Violence against women has been on the rise in the last decade in Latin America, from Mexico to Colombia, down south to Argentina. In 2009, sexual harassment on Mexico City buses was so out of control women-only bus lines had to be created. Throwing acid on women’s faces is not restricted to the Middle East anymore; 119 acid attacks have been reported in Colombia since 2010, though that number may be many times higher since most cases go unreported. Last month, a woman in Bogotá was beaten, stabbed, raped, and impaled, acts that distinguish femicide from general homicide—and all have been on the rise.
And now comes a new report by Nobel laureates Rigoberta Menchu from Guatemala and American Jody Williams, which found that femicides increased by 257 percent in Honduras from 2002 to 2010, “a period that saw a doubling of U.S. money for military and police,” according to CNN. The report argues that the U.S.-backed military and police in Honduras, Mexico, and Guatemala, which are ostensibly being funded to fight drug cartels, are actually part of the problem, “committing abuses and stirring up more violence.” And though the governments formally recognize this, the report states, they do little in practice to abate the violence against women.
“In some cases, governments are directly implicated in the violence,” Menchu and Williams write. “The mounting crimes of extreme violence and targeted repression against women remain largely uninvestigated, unsolved and unpunished.”
That is the case of Debora Barros-Fince, an indigenous community leader in the northernmost Colombian region of La Guajira, whom I met in 2007. Her family was murdered eight years ago by paramilitary militias, with the help of the Colombian army—which is in turn backed by the U.S. government through the controversial “Plan Colombia,” a decades-long multibillion-dollar funding plan to clamp down on the drug trade. The massacre that killed Barros-Fince’s family left 12 dead, 20 missing and hundreds displaced. The threats of violence she receives for speaking out are highly sexual, and the walls of her former home, which she was forced to leave during the massacre, are covered in lewd drawings and messages. Such intimidation is becoming more common in other parts of the country and throughout Latin America.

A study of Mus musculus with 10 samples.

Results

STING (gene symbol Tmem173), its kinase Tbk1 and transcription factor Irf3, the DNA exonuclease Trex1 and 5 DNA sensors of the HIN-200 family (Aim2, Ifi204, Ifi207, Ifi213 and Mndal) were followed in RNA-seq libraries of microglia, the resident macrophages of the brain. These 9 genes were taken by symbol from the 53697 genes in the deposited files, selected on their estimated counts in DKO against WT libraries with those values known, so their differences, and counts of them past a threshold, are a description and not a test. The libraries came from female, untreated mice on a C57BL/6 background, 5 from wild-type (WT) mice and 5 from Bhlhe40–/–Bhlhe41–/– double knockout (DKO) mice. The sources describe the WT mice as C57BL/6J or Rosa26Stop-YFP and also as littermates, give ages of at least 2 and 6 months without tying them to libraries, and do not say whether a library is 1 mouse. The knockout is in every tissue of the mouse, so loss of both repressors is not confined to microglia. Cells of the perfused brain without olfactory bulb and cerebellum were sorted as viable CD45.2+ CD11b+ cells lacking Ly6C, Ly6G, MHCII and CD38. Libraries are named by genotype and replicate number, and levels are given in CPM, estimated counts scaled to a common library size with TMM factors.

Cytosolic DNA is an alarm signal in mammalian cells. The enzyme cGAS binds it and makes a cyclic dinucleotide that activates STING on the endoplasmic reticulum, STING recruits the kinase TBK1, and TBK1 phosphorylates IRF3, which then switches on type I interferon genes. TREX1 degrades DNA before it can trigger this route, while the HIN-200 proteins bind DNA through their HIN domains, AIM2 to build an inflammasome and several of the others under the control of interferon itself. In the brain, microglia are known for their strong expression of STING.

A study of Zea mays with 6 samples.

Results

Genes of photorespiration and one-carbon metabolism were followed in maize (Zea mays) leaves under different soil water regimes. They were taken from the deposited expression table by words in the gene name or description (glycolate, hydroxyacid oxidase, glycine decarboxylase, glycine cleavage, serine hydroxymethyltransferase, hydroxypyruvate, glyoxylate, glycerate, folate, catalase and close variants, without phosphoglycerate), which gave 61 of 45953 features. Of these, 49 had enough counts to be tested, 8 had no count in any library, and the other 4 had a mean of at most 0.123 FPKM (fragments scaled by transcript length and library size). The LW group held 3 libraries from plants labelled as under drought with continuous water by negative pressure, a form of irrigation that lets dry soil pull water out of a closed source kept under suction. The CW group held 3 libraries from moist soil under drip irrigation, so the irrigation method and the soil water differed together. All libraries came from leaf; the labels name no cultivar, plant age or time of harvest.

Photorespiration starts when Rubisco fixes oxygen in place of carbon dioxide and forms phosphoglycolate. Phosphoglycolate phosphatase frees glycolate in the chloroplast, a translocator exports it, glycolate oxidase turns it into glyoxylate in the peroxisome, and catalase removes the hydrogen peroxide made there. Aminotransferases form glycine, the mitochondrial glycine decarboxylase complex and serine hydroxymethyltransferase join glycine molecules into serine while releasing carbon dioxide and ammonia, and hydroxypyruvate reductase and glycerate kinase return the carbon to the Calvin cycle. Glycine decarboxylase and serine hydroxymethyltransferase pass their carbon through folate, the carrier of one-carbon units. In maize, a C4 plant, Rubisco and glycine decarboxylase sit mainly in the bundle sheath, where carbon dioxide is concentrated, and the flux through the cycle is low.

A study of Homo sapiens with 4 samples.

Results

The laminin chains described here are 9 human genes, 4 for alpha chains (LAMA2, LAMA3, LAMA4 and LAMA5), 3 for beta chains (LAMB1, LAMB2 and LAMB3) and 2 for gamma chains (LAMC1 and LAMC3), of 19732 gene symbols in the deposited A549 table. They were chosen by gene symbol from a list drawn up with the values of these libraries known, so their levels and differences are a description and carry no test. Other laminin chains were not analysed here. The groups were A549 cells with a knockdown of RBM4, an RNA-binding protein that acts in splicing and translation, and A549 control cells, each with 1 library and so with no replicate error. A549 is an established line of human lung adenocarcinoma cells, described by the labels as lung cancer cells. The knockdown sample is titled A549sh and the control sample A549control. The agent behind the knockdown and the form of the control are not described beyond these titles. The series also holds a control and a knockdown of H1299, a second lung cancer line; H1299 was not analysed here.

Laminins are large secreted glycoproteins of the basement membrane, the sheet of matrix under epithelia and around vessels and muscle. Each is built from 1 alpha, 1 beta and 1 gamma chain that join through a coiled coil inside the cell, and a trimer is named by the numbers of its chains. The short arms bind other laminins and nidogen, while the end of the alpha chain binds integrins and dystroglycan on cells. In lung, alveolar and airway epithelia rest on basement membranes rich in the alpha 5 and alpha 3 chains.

Traditionally, Latin America has not been known as a bastion of women’s rights, but it nonetheless fares well in certain areas, compared to other third-world countries. In 2009, the region had an enviable maternal mortality rate, second only to Europe. For a culture that venerates mothers religiously (thanks to a deep, culturally entrenched Catholicism and its emphasis on the Virgin Mary), the recent spike in femicides is baffling, contradictory and hypocritical, at best. The cult of the mother can have positive side effects, like boosting economies on Mother’s Day. But in reality it does little to stop the violence. The culture may worship saintly, suffering, martyr-mother figures, but that doesn’t translate into respect for the actual women living in these countries.
It’s not a surprise women are victims in the escalating and failed war on drugs. The influx of U.S. money, ammunition and military training has provided an aggressive, male-dominated environment and more tools to further deteriorate the rule of law. When a society devolves into such deranged and sustained violence, as Colombia did in the ’80s and ’90s, and which Mexico is living out now, the worst of the culture comes out, amplified, and with impunity. Like disfiguring a woman’s face with acid, and then blaming her for it because she’s “so pretty.”